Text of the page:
Wednesday, 6 October 2010
Book review: Mr Chartwell by Rebecca Hunt
Mr Chartwell by Rebecca Hunt is a book I expect you will be hearing a great deal about in the coming months.
I am lucky enough to have read the book before it is released as a result of attending a talk with the author at Foyle's on Charing Cross Road.
The reason you will hear so much about this book, aside from it being a thoroughly engaging debut, is that it's title character, Mr. Chartwell, is a speaking dog. A speaking black dog.
This canine isn't the friend of children's tales you might be thinking of at all though, he is something else. Chartwell, or Black Pat as he later prefers to be known, is such a clever idea, for he is what Winston Churchwell famously referred to as his 'black dog'; Mr Chartwell is depression. This anthropomorphism is such an engaging way of writing about the malady, the strange mixture of darkness, stress and apathy that depression seems to be that it is worth reading for the idea alone.
Happily though the narrative is strong enough to warrant attention for more than this speaking dog. I enjoyed the characterisation of Churchill very much, he is a man whose life we know so much about- and whose inner life we think we understand- but who remains something of an enigmatic mystery despite all that. Hunt's characterisation of this twentieth century giant is detailed, warm and touching without straying into any saccharine sentimentally.
Just as interesting a portrait is drawn of Esther; the other main protagonist of Hunt's story. Esther is a presumably entirely fictional character. She is intelligent and holds an interesting job. She is modern woman but a lady who is resolutely refusing to enjoy living in the early 1960s when the book is set- instead living in a kind of limbo after a bereavement while the seeds of cultural revolution are sprouting around her. She is a very real character because of course most people in the early 1960s, or at any time when great changes are happening, are not part of that change- they take time to process what is happening- or their life gets in the way of seeing what is occurring and what that means for them.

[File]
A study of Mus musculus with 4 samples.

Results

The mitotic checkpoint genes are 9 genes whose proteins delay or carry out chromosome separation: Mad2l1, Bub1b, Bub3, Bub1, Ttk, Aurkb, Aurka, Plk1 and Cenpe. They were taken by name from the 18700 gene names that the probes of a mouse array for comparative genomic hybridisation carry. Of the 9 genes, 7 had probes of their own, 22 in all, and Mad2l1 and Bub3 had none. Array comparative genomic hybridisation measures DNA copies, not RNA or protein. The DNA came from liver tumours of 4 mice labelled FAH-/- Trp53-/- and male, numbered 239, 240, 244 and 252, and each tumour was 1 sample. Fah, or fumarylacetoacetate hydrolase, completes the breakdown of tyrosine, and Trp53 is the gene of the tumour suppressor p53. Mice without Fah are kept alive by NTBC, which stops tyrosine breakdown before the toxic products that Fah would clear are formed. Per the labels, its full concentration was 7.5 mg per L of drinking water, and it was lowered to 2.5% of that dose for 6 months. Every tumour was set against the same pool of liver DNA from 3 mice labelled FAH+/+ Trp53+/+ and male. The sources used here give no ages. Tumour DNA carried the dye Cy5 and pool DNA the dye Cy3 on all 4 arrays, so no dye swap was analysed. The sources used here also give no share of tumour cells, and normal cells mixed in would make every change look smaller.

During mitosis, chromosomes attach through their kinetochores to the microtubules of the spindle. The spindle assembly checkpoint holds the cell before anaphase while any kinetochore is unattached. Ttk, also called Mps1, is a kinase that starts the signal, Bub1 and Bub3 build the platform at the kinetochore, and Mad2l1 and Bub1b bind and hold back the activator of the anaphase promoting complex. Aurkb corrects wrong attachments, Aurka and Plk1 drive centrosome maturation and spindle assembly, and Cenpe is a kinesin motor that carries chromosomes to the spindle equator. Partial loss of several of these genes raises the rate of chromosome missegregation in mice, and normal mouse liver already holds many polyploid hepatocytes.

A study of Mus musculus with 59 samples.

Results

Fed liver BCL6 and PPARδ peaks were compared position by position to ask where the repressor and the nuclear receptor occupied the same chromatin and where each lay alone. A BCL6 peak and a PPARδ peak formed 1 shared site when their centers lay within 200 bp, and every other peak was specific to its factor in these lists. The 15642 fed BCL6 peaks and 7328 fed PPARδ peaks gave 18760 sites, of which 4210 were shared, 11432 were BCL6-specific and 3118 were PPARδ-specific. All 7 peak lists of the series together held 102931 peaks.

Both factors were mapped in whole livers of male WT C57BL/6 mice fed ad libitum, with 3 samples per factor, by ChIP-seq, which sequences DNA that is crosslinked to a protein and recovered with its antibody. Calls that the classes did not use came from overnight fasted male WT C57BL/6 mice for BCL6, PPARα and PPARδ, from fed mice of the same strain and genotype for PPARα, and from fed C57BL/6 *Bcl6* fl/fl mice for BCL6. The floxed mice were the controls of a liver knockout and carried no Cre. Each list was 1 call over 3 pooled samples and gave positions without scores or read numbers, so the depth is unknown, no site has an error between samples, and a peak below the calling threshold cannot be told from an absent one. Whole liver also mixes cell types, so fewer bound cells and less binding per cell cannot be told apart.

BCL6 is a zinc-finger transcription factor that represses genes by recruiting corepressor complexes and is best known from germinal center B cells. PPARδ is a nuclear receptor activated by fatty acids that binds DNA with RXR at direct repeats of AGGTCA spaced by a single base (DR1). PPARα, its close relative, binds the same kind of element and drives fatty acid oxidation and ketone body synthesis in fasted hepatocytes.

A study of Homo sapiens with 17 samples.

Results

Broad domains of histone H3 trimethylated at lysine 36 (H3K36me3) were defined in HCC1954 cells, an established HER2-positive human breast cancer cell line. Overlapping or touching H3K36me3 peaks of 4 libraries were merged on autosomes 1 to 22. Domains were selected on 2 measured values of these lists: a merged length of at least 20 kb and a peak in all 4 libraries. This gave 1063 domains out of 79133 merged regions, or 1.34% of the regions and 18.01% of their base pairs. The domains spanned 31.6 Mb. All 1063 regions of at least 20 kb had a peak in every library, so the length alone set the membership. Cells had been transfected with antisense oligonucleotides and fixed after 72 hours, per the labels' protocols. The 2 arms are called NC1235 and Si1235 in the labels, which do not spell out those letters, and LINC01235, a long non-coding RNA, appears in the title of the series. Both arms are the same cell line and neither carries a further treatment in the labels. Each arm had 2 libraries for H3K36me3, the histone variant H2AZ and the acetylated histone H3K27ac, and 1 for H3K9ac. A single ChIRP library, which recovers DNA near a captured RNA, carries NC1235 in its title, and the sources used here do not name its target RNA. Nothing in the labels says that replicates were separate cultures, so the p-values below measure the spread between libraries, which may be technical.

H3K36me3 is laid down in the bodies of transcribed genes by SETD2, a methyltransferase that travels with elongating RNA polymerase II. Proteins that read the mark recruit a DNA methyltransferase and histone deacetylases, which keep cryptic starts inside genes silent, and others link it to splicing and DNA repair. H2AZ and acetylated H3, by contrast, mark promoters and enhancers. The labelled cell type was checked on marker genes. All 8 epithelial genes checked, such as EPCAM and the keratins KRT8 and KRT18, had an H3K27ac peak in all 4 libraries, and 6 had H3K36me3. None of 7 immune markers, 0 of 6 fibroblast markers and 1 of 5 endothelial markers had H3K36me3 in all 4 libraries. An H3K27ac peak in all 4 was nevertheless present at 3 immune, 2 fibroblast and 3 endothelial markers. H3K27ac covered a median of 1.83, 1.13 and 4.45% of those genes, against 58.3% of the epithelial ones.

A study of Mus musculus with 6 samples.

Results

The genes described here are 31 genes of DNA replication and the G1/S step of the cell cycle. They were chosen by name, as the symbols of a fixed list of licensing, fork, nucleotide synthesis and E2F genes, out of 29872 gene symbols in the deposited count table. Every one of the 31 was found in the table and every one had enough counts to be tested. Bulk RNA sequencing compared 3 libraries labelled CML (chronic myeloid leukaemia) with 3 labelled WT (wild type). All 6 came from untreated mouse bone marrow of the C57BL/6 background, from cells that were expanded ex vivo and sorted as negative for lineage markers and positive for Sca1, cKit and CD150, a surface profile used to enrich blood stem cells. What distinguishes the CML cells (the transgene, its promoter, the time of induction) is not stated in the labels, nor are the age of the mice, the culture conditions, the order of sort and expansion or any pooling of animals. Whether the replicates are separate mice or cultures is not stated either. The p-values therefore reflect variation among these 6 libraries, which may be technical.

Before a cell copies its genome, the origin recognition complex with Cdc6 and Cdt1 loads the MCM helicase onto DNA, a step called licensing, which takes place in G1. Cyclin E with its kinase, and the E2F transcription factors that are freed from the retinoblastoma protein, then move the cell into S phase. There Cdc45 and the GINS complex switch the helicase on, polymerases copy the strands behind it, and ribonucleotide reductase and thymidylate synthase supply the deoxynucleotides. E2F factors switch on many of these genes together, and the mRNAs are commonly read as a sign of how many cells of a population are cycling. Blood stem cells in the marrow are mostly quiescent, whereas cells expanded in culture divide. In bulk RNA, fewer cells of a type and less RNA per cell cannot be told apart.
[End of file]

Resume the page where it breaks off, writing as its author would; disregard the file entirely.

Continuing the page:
Then there is Black Pat himself. Apart from being a very clever idea Black Pat is perhaps the most fascinating character of all- and that is nothing to do with him being a large, rather unkempt talking dog as we have encountered speaking animals before. He is written in such a way that you constantly want him to be in the scene, you constantly want to know more- were he a man he would actually be just as intriguing and hypnotic. He has his own purpose in life- and is surprisingly perhaps not an unsympathetic personality.
When she spoke about how she came to write Hunt explained that she hadn't spent excessive time learning her craft as such, she had just got on and written. She wrote short stories and is an artist so obviously understands translating creative ideas into lasting pieces. There is something particularly fresh about this novel and I am sure that is a combination of her raw talent, her artistic nature, the obvious care her agents and publisher have taken to nurture her book and more- but I think it is also that clear desire she seemed to have to get on and write her story.
I enjoyed that story very much on many levels. I learnt something more about depression and struggling, about other people's internal lives, about how busy and consuming all our internal worlds can be and the struggle we can have to live our external ones too; I laughed, felt great affection for all the characters and wished I could visit post war Britain.
There is an interesting interview with the author Rebecca Hunt here.
Mr Chartwell is published by Penguin in hardback tomorrow, the 7th of October 2010.
Book cover image from Penguin books.